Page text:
City Council won't support licensing crackdown

First published in Headlines Salisbury Journal: Photograph of the Author by

A CRACKDOWN on licensing rules in central Salisbury has been given a unanimous thumbs-down by city councillors.

The new policy, intended to reduce crime and bad behaviour, is due to be considered by Wiltshire’s licensing committee next Tuesday.

The busiest part of the city centre would be designated a ‘Cumulative Impact Area’ where there would be a presumption against new licences or requests for longer opening hours.

But there was all-party opposition to the scheme when the city council’s planning committee met this week.

Cllr Matthew Dean said: “It’s a disastrous and crazy idea, totally inappropriate for a small market town like Salisbury.”

CIAs were introduced to cope with late-night disorder resulting from the longer drinking hours brought in by Labour when it was in government.

But cllr Dean said: “We need to develop our leisure and tourism offer. Retailing is changing. Do we want a load of empty shops in Salisbury?”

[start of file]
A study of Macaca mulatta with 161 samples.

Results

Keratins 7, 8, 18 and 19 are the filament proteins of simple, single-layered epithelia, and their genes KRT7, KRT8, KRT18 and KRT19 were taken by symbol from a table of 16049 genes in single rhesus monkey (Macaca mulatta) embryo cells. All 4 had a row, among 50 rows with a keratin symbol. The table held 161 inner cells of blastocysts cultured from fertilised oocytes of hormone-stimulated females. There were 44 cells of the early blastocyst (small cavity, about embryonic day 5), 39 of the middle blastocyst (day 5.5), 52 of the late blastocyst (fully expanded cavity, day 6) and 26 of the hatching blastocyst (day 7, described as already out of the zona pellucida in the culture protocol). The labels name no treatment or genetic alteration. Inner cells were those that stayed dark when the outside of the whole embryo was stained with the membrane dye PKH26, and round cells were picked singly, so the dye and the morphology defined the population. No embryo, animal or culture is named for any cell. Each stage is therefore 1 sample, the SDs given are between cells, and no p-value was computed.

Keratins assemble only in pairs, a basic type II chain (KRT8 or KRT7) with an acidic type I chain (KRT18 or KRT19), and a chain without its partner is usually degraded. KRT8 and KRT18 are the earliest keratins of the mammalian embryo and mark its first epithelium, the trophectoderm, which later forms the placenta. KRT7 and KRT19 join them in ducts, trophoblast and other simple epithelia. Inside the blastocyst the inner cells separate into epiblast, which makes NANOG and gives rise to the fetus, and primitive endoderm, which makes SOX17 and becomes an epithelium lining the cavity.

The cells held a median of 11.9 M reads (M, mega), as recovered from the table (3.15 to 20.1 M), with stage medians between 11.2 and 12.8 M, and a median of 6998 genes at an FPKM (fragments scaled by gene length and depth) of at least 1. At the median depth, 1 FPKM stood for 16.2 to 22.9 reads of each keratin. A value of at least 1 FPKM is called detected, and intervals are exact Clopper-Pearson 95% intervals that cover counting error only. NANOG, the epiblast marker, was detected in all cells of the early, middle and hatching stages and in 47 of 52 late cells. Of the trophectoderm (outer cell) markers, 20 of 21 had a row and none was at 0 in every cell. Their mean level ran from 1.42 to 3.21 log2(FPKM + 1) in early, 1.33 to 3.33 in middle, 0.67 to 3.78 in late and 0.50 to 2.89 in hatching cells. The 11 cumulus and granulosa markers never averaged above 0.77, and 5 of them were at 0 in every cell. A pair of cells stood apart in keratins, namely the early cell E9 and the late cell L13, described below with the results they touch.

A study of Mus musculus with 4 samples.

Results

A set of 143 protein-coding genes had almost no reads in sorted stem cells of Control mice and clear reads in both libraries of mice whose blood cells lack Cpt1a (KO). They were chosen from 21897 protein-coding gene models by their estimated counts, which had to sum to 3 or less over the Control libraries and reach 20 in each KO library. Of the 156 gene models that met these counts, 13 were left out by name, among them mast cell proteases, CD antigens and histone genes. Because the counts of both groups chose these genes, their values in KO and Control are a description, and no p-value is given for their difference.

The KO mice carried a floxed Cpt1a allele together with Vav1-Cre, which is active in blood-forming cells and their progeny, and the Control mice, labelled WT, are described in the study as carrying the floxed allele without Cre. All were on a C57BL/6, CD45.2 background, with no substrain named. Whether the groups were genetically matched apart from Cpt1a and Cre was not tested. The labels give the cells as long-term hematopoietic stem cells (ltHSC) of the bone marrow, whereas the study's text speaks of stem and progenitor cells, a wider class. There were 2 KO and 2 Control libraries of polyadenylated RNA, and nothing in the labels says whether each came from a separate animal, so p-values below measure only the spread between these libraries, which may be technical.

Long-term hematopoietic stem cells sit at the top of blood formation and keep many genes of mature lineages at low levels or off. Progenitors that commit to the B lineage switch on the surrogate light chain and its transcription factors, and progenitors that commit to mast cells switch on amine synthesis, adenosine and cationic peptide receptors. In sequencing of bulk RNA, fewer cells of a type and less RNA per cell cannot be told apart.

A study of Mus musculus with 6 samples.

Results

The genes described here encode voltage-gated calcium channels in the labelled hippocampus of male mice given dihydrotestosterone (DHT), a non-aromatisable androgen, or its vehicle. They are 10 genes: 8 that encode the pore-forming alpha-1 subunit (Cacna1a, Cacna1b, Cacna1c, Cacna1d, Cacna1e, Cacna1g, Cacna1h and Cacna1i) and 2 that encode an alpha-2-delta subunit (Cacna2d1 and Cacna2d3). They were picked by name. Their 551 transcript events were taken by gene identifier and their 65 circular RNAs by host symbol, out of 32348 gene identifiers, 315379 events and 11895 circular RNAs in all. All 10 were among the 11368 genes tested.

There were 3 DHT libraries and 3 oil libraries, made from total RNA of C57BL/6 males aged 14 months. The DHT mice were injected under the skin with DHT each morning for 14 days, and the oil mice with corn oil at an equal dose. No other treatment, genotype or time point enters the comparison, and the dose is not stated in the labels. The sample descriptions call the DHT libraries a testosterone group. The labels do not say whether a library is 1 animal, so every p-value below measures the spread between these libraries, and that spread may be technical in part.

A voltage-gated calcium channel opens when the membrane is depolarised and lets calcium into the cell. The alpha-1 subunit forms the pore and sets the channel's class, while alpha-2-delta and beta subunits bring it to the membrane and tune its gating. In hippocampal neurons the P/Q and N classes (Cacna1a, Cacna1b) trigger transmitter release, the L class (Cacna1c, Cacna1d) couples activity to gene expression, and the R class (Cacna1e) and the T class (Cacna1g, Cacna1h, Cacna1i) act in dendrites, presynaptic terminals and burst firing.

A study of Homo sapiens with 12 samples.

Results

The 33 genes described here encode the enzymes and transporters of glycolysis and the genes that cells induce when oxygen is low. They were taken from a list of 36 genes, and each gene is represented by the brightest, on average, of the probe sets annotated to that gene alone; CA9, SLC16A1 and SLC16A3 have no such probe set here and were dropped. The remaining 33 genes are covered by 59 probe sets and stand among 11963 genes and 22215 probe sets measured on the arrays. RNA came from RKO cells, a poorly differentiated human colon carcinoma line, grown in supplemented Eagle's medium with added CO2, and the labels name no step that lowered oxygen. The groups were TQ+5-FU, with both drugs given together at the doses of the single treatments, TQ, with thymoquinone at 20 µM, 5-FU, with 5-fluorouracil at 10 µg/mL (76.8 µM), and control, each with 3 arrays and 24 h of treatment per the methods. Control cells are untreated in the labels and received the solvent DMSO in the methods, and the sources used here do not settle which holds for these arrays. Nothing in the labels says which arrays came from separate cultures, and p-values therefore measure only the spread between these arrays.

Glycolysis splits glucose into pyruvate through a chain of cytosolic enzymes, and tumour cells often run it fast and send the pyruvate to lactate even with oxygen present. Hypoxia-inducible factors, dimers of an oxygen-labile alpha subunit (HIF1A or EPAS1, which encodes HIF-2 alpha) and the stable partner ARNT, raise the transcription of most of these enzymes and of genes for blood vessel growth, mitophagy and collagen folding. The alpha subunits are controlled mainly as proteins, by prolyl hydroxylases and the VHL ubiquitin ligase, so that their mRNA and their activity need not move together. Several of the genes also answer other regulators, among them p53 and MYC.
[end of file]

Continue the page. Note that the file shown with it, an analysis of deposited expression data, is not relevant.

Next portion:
He pointed out that time and money have been spent ensuring that the city has Purple Flag status – a mark of approval for the way it manages the night-time economy. Antisocial behaviour and crime are falling.

“But then out of nowhere, Wiltshire Council has suggested we have this expensive, bureaucratic and very unhelpful mechanism which would proscribe any development of certain types.

“If you want to open a new bar or restaurant, you already have to apply for planning, and for a licence, and that’s all done in public.

“If you run licensed premises badly, you can have your licence revoked.

“We want every case considered on its merits.”

Licensee Amanda Newbery of the Chapel nightclub is on the Purple Flag steering group and says the partnership between police, licensees and the licensing authorities already works well.

She also chairs the business group Salisbury BID, and says board members are against the scheme.

She said: “I have severe reservations about it. Anything that inhibits business is a bad thing. CIAs are normally a last resort if everything else has failed.

“And what’s to stop people setting up new businesses just outside the CIA? What if Stanhope, the developers of the Maltings, want to put licensed premises in there?”

Cllr Dean will be going to Trowbridge to speak at Tuesday’s meeting.